Summer is almost here and it beckons us to yell out those two powerful words, “ROAD TRIP”!!!
I’m not talking about the kind of trip the Blues Brothers took. I’m going even further back than the Griswold family and National Lampoon’s Vacation. I’m talking about the road trips we Boomers took as kids, sitting in the back seat of our folks’ cars, or more specifically, station wagons. We went across country without air-conditioning, with a canvas bag of water hanging off the front grill of the car, and with only AM radio. Well, AM radio at times; not in a tunnel or in the mountains or out in the middle of nowhere, USA.
Disneyland opened in 1955. We got more and more excited about Disneyland as we watched updates about its construction on Walt Disney’s Wonderful World of Color TV show. We watched as Walt narrated the program about Disneyland’s opening day. Hundreds of thousands of us were compelled to travel from all over the country to visit this “happiest place on earth.” We sat in the back seat for days, driving from Denver, Minneapolis, Boston, Chicago, Memphis, Atlanta, Dallas, Rapid City and Wichita. An hour after leaving our homes, we began asking the dreaded question, “Are we there yet?” We could only play car bingo and sing silly songs for a short while before becoming bored. I praise my folks for not killing me as I sulked in silence wondering if the ride would ever end.The return trip was worse. But Disneyland was worth it. Unfortunately, the Grand Canyon, Mt. Rushmore and Yellowstone were not as spectacular a destination for most kids.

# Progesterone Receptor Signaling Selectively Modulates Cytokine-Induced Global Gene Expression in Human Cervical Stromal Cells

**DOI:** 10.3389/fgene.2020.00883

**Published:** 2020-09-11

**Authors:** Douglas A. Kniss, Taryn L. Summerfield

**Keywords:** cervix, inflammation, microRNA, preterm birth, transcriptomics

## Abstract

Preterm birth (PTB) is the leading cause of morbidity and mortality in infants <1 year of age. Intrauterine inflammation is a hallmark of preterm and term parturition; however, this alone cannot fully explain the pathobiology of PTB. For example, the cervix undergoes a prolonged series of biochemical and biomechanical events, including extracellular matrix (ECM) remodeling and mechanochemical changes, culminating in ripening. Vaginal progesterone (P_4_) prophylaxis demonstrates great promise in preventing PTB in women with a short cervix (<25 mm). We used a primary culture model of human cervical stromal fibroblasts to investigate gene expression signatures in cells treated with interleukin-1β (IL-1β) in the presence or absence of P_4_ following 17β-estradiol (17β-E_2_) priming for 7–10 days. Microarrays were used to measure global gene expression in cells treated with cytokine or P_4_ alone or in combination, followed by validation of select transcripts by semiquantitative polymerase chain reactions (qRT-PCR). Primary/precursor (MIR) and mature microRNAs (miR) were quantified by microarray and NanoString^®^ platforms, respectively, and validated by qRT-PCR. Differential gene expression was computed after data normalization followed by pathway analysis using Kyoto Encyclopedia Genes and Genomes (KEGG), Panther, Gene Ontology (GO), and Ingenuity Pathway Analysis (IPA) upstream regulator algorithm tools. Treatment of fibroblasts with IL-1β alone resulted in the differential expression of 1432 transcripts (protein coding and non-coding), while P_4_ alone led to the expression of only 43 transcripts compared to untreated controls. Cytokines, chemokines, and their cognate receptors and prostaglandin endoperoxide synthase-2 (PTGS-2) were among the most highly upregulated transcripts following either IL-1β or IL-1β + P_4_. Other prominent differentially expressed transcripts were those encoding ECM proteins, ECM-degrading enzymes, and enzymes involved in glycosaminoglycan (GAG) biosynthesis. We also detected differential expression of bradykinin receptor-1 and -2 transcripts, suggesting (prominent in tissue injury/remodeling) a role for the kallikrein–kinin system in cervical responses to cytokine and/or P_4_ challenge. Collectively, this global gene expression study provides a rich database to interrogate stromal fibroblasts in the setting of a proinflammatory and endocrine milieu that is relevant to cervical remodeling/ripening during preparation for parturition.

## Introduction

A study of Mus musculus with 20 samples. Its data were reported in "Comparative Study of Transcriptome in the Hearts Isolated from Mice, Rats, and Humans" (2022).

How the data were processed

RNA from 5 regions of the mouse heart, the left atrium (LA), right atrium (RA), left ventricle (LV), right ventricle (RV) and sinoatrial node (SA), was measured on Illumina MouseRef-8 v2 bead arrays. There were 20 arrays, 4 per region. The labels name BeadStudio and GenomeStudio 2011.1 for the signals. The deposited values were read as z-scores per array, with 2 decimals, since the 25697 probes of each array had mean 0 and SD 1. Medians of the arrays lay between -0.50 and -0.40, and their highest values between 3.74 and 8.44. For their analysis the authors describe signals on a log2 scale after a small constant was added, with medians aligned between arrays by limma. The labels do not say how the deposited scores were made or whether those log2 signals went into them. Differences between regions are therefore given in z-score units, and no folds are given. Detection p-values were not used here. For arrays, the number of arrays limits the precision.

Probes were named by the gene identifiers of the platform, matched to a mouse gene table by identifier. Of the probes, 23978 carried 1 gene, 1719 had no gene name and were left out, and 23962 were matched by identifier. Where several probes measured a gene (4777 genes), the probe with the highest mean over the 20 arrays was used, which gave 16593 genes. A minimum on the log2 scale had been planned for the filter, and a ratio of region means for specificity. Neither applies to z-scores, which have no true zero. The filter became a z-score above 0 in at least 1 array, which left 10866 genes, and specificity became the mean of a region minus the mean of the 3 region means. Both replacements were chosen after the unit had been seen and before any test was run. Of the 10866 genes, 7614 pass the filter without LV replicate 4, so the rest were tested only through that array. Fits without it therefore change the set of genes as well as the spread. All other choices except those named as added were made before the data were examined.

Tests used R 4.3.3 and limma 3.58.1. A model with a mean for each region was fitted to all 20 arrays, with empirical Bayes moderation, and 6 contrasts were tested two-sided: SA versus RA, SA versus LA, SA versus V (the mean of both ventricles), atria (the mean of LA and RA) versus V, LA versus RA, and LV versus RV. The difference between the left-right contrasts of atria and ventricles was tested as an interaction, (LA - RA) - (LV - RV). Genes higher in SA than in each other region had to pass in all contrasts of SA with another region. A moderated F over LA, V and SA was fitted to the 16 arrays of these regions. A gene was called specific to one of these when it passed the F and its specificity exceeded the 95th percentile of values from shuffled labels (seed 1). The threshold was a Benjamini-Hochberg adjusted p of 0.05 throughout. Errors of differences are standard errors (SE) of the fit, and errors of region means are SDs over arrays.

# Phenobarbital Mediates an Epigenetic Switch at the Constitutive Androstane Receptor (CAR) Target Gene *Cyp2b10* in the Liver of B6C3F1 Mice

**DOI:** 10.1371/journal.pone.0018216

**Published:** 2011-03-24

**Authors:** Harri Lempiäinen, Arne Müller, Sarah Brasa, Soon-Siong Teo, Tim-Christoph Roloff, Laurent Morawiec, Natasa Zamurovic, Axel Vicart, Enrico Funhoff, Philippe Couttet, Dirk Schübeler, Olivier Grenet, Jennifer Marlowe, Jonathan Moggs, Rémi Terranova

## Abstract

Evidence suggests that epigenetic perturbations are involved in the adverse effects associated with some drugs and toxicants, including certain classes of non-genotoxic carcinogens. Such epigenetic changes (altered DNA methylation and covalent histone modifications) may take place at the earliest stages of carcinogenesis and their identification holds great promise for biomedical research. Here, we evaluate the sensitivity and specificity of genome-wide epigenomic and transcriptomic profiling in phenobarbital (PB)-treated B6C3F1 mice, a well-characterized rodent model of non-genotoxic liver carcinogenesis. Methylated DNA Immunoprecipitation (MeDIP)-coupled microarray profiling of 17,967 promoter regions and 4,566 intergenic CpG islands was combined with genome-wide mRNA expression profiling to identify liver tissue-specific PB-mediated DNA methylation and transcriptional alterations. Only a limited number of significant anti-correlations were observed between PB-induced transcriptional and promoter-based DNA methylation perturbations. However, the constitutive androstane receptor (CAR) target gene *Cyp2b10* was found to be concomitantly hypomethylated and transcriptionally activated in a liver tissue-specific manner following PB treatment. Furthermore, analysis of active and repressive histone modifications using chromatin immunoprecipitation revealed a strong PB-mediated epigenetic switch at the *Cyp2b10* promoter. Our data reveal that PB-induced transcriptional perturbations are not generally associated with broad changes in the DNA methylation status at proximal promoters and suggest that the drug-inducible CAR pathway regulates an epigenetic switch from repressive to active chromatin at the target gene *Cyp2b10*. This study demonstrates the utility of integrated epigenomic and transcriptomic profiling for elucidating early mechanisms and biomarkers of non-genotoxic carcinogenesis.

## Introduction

We learned a lot from those road trips, so much so that today’s cars, vans, SUV’s and trucks are like mobile family rooms crossing the country. A days-long road trip now features air-conditioned comfort for those in the cushy back seats. Today’s vehicles have TV monitors in front seat head rests so the kids can watch videos while they enjoy a sippy cup of juice from the cooler packed with food and drinks. Or the kids can play all their favorite games on smart phones or tablets. There is still the occasional “Are we there yet?” And there may be silly songs and car bingo. But the trip is more bearable for our children and grandchildren than it was for us. We learned from what our parents endured, and we changed the face of road tripping.
Late this past December, my son, daughter-in-law and two grandchildren aged eight and four, ventured on to the road for a month long extended holiday road trip that took them from their home in Southern California to Texas, Florida, Iowa, Colorado and finally back home. Their SUV was stocked with goodies for this incredible journey. The little kids did okay. When I asked them about their travels, they could only remember little things about the “road” part of the trip. Their memories are about seeing their grandma and grandpa in Texas, eating good Texas chili, swimming with cousins in Florida, Southern barbecue and some of the fun places they stopped en route. And that’s a good thing.
Times have changed since I was a child. There are not many cars cruising Route 66 now. Instead, there are crowded jets flying overhead on their way to Disneyland or Disney World, filled with kids asking, “Are we there yet?”
What are your memories of road trips of yesteryear?